Tuesday, February 26, 2008

The Language of Creators

In an article at 1up.com called "So You Want to Make a Game" several indie developers are interviewed about their craft. I lifted a few quotes from the articles that fall in line with the approach I'm taking with my games and that support the kind of critical-thinking we do here on the blog.
  • Go find the mechanic at the heart of a favorite title
It's important to start a game off at the core by thinking about the core mechanic.

  • For Desktop, Preece created a game based solely on the real-time strategy genre's "mazing" mechanic -- forcing units down a path of destruction -- and banning any feature that didn't interact with that primary mechanic.
Preece's approach to game developing involves focusing solely on the primary mechanic/function of his game.

  • Mario is like that. There's already some interesting things about Mario when you're just moving him around. He's got a bit of inertia. If you hold the jump button, he'll jump a little bit higher.
As if taking notes straight out of Miyamoto's book, Mak understands the power of making a game around a mechanic that is fun by itself. Once you do that, the game practically makes itself. After all, you don't have to worry so much about making a fun game when simply moving the character around is satisfying.

  • What I'm trying to say is that If you have a turd and you try to add stuff on top of a turd, it's still going to be a turd.
Many games these days are not only building on "turds," but they're copying and stealing turds from other games. It's a sad cycle. I won't name any names.

  • Don't get married to your idea. With myself, I've seen is I'll spend all this time making this technology that didn't really lead to good gameplay, but I spent three months on it so I'm going to use it no matter what. You can't be afraid to throw out work that you didn't like.
There are many mechanics and elements in Neo*RPG and GuitaRPG that I had to let go of as I went along. You can even find little traces of the magic system that I left in Neo*RPG. It's tricky and buggy, so I don't recommend clicking the scroll wheel anytime soon.

  • As you play a lot of games, you get a sense of when a game is pretty tight. I think Street Fighter is pretty tight. Maybe I should say Mario because it's simpler. Is it? N is tight. You can tell. There's no need to add anything else. It's really tight. Every aspect of this game is talking to each other and enforcing each other. And if I add anything else, it'll destroy that equilibrium.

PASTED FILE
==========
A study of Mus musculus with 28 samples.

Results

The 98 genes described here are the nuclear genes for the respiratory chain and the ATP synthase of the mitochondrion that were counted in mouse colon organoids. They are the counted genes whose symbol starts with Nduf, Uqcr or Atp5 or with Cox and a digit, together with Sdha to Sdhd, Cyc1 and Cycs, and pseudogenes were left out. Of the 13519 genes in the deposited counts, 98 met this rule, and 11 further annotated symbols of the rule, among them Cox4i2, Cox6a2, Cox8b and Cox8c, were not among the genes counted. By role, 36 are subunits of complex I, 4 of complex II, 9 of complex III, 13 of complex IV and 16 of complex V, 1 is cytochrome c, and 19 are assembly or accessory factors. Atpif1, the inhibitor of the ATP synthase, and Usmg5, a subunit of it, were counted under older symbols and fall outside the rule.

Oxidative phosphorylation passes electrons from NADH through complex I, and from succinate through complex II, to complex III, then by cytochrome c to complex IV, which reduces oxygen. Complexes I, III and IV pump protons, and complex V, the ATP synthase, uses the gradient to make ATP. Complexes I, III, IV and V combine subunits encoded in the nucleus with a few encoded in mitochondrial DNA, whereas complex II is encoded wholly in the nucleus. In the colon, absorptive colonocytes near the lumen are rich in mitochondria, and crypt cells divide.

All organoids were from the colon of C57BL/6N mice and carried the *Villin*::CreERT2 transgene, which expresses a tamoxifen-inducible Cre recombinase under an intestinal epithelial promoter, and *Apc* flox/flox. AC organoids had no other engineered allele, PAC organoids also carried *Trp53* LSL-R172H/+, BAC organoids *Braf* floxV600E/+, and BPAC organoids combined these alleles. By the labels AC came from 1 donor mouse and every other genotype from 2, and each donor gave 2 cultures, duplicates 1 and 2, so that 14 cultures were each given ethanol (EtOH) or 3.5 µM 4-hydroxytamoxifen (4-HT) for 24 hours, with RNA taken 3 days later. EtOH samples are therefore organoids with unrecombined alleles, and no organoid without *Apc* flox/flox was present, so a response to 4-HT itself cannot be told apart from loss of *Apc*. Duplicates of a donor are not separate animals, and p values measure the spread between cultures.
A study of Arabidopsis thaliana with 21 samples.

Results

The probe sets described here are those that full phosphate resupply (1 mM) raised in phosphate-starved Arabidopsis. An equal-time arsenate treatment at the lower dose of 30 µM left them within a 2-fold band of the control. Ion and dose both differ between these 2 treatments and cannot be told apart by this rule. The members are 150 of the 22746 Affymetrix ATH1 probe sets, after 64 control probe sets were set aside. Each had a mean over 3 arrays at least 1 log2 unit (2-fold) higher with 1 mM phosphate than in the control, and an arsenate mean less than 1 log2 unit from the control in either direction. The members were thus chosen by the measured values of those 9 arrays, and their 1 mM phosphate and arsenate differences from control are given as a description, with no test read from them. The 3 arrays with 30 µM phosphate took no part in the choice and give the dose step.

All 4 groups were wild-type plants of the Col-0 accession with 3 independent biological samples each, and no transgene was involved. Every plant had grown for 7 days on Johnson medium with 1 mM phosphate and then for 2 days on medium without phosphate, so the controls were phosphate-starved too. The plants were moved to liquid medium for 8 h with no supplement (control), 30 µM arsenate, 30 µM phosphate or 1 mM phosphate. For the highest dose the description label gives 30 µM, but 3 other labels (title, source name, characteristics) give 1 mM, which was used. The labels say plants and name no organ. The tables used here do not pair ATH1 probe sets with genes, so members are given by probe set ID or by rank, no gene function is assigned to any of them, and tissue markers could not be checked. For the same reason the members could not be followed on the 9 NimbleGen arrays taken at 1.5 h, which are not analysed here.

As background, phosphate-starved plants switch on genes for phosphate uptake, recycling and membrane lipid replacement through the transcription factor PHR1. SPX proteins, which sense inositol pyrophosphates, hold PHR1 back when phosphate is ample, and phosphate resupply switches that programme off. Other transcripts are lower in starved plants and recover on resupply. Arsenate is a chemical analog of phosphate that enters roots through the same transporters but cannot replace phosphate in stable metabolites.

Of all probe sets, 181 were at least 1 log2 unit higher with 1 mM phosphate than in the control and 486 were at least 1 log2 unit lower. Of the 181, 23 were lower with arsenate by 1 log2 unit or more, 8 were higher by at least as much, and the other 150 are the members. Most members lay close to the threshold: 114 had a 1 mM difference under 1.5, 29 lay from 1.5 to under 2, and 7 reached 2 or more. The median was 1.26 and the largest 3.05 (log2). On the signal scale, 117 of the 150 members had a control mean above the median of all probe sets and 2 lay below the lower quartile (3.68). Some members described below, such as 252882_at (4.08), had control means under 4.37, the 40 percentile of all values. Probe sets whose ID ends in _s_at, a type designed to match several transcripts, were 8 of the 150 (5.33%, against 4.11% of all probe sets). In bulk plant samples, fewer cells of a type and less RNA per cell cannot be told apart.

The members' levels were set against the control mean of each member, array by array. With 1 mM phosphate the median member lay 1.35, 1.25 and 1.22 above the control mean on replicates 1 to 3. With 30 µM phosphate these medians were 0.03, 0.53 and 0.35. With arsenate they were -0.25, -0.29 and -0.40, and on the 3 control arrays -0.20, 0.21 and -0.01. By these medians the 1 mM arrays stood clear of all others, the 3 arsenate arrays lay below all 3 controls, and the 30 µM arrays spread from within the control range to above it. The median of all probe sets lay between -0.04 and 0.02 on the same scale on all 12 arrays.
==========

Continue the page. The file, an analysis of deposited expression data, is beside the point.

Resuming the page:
Supporting the primary function of the game is ultimately about creating that sense of wholeness, balance, or "equilibrium." If the options and elements that are being added don't enhance the game or primary function in a significant way, then perhaps it shouldn't be added (especially when the game is nearing equilibrium). It takes a lot of skill and experience both for the game maker and the critical-reviewer to bring to the surface and express this balance. Hopefully, by participating in the design challenges on the blog as well as the development of GuitaRPG, you'll becomes a crafter that has a leg up on understanding and explaining the craft.

Game makers have a unique and privileged perspective on games. Just look at the success of Nintendo under the leadership of Satoru Iwata.

4 comments:

jrhee said...

A lot of the insights seem pretty self explanatory but it's surprising that developers today can still produce games that lack these aspects.

They all talked about the mechanics of gaming which is important but what about the storyline? I mean, whats a game with awesome mechanics and a cliche story. If the story sucks it would decrease the gaming experience and no mechanics no matter how awesome can save that.

Shouldn't these two aspects go hand in hand?

KirbyKid said...

jrhee:

Story is a complicated issue with games. First of all, many people mistakenly identify stories in games using the same criteria that they learned from books and movies.

Interactive stories are much more complicated than that.

But in general, all the sports that the world has fallen in love with don't have stories, and they're still games. Super Smash Brothers Melee is a great game that doesn't really have any coherent story. Tetris doesn't have a story either.

It's clear that games don't need stories to be games. This is why I feel that it's important to talk about and understand games as games before trying to understand how stories fit in with them.

It's complicated, and the war over it is vicious.

jrhee said...

Alright, I see the aspect of you saying that you don't need a story or an "interactive" story. But regarding the issue of game play there will always be a motive. For sports it's to beat the crap out of the other teams and become the best. And for Brawl, they are adding a whole new story mode with an actual plot. So regardless of not needing a story you still need a motive and that motive will determine whether the mechanics of the game helped you fulfill your task to the best of its abilities in all the aspects of the game play. There will be certain reasons why you do certain things, and that will allow the player to have motive to utilize the game play mechanics.

But I mean, without solid mechanics all games are in trouble

KirbyKid said...

jrhee:

Indeed. The fiction/story of a game can go a long way in giving the player focus, context, and motive. For me, I always (or almost always) want to win at a game, understand it better, and have fun. So those are always what motivates me. You commented keyed in on the interesting effect that story has in shaping the way players can approach playing a game.